WATSONVILLE -- An audit slamming Watsonville finances is marred by faulty comparisons, lack of context and misleading information, city leaders said.
The audit, conducted by San Francisco-based Harvey Rose and Associates and commissioned by the Santa Cruz County Grand Jury, says the city is in poor financial shape, a condition partly due to the national economy but worsened by inadequate budget controls and deficit spending.
The grand jury released the report Thursday.
"Did we get anything new out of this $90,000 report? I'm not sure," Mayor Lowell Hurst said. "Could the money have been better spent on health and human services? Absolutely."
The auditor, who could not be reached to comment Thursday, compared Watsonville to several cities of like size and ethnic mix, and found Watsonville spends more per capita, has less cash on hand, and ended the 2010-11 fiscal year with a much smaller balance in relation to its expenditures than others.
City Manager Carlos Palacios challenged both the comparisons and the financial analysis.
Instead of Central Valley towns, he said, the auditor should have looked at Central Coast cities that face a similar cost of living and where Watsonville's spending is below the median.
Further, Palacios said, the auditor included a $6.5 million loan to cover a payment to the state retirement system in one year's expenditures though it will be paid during a 13-year period. That made spending in 2010-11 look higher than it was and skewed comparisons, he said.
The auditor also didn't consider the advantages of the retirement loan, officials said. The charge resulted from a recalculation of pension liabilities, and the state system was willing to loan the city money to cover it. But by borrowing money from its own funds, the city cut the interest rate in half and added about $275,000 to its annual cash flow.
"You have to look at the numbers and the rationale," said Ezequiel Vega, administrative services director.
Palacios acknowledged spending has outpaced revenue in recent years. But he said after making significant reductions to other departments, city leaders made a deliberate decision to draw down reserves and try to wait out hard times rather than cut police officers.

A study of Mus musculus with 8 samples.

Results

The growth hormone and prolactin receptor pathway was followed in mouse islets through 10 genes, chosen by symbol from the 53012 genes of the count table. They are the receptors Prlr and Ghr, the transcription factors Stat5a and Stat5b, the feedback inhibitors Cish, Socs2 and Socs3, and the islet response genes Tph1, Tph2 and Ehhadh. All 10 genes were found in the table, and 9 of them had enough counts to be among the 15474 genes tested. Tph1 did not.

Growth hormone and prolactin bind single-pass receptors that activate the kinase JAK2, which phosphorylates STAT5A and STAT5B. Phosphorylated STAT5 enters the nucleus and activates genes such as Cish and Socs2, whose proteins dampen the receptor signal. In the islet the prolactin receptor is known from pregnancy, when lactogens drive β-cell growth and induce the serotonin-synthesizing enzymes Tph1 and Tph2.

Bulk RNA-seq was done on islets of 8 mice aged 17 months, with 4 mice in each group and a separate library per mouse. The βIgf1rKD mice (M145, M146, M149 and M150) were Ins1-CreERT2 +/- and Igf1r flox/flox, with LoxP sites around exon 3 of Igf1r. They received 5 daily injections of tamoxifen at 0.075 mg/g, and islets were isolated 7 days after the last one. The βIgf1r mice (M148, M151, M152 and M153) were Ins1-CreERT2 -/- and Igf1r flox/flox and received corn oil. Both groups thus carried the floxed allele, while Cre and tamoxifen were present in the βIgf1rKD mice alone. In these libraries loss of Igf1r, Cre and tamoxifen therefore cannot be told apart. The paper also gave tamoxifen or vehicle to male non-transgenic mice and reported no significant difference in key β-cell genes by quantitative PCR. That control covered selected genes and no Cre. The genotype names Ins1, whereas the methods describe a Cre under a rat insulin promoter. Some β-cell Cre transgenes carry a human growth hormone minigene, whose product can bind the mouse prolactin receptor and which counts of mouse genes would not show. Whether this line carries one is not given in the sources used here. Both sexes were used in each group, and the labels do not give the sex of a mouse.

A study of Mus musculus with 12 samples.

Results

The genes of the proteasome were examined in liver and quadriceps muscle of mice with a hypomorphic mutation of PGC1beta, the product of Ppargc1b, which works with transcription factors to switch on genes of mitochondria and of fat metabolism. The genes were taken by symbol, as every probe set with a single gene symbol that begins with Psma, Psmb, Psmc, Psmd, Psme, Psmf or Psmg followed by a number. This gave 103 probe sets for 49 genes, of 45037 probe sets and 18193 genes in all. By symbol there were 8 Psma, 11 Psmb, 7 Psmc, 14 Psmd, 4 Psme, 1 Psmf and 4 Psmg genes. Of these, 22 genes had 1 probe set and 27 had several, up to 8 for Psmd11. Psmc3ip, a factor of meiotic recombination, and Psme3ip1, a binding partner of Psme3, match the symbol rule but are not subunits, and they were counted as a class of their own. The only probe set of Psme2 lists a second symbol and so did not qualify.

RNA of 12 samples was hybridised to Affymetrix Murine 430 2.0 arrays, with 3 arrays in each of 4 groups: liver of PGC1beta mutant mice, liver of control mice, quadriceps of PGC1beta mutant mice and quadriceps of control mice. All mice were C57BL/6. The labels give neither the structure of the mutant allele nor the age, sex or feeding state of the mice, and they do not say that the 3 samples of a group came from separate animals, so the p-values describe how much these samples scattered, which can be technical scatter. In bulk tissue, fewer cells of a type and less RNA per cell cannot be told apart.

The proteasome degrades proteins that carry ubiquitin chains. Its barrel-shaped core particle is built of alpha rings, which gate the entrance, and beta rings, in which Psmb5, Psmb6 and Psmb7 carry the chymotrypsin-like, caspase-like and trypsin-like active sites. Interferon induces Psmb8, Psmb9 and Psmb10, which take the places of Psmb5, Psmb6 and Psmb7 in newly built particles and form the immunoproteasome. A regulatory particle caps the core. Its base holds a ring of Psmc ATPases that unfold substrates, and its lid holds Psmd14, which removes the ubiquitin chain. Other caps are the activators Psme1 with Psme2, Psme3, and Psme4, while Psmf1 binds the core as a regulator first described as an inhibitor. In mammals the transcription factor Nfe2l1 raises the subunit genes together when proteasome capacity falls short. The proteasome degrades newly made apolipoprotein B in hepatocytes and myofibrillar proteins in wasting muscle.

"There is a risk (to deficit spending). We all know that," Palacios said. "But there's also a risk to cutting police."
The auditor also pointed to operating deficits at the Watsonville Municipal Airport and at city parking garages and to police and fire department overtime as problems. Neither issue was news to the city, which has been working to get a handle on overtime -- and having more success with police than fire -- and has taken steps such as raising fines for parking tickets to offset garage costs.
City officials also agreed that financial reporting could be more efficient and that some policies need updating, but said that would require money Watsonville doesn't have to spare. Vega estimated a much needed upgrade to outdated financial software would run $500,000. To implement all of the auditor's recommendations would cost upwards of $800,000, he said.
Palacios said he has shifted some work from an "overburdened and understaffed" finance department in the coming year so staff could focus on improving its systems.
Grand jury fore Lise Peterson said the audit was commissioned after the oversight body found the city's response to its investigations into financial decisions and practices in 2010-11 and 2011-12 "not encouraging." City leaders have said most of the criticism in the two probes was unfounded.
Peterson said the grand jury remained concerned, and recognizing its "amateur" status, hired professionals to take a look. The idea, she said, was to help Watsonville to better understand its situation and make improvements.
"That was the spirit we introduced it in," Peterson said. "We're supposed to help entities improve their efficiency. That's our role."
The county, under court order, had to pay for the audit from its general fund. The auditor's bill came to $88,630.
The City Council is scheduled to discuss the audit Jan. 22.